La Cerdanya is well known for being one of the most open, sunniest and exclusive valleys in Europe. Its location, between the Pyrenees and the Cadí and Moixaró mountain ranges, characterizes itself for its privileged climate which, in comparison with other Pyrenees regions, offers a much milder climate and a larger sun exposure.
Well connected with the important Catalan towns through the Cadí Tunnel like Barcelona, as well as with Perpignan, Toulouse and Lerida via the major roads, the Cerdanya has become a main summer holiday centre which offers a wide range of sports and leisure.
The variety of rich flora and fauna is one of the main attractions of the area and has also meant the creation of a large number of fish and game reserves as well as the Cadí-Moixaró nature reserve.
The region also has a wide range of historical monuments and cultural routes, with many samples of Romanic architecture that can be found in the majority of the towns (like Age, Vilallobent or Ventajola) and some of the Gothic style monuments (like the Puigcerdá Church Tower or the Sant Martí Bridge).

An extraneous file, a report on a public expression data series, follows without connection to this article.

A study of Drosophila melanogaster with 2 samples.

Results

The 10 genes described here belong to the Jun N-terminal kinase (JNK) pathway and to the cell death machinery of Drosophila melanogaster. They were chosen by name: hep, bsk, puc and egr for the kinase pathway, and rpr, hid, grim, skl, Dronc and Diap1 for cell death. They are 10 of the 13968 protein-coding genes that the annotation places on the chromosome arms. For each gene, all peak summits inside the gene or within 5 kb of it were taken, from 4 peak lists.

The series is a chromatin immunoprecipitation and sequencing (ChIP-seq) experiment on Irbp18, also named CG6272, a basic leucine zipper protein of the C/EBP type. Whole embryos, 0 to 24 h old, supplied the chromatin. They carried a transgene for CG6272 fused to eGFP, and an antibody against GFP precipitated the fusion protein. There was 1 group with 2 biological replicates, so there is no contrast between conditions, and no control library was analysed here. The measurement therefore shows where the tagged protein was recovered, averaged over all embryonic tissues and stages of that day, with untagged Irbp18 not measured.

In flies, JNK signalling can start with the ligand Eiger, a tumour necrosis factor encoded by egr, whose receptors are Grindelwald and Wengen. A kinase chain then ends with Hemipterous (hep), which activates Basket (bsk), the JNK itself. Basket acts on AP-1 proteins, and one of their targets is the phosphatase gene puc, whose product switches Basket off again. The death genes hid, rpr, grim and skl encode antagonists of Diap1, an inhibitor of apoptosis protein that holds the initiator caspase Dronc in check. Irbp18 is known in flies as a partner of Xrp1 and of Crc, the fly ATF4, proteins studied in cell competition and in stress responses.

One of the other local attractions of the area is the wide food offer, which uses a wide variety of fresh and original products like the Cerdanya pear, the Talltendre turnip, “trumfes” (potatoes), or “cerdans” (a type of pastry) and typical well known dishes like “trinxat” (a mixture of potatoes, cabbage and a type of bacon) or “tiró amb naps” (duck with white turnips).
- Romanic church of Sant Tomàs de Ventajola: is thought was built in 958.
- Romanic church of Sant Andreu Vilallobent: this church dates back to the 10th century, and has undergone many restorations.
- Convent of St. Dominic: founded in 1291 and the construction finished in the 15th century.
- Municipal Museum Llívia: The most important part of the museum is the pharmacy that is considered to be the oldest pharmacy in Europe.
-Bunkers Park in Martinet: We propose reviving a turbulent and fascinating era through an informative museum and a guided visit to the bunkers.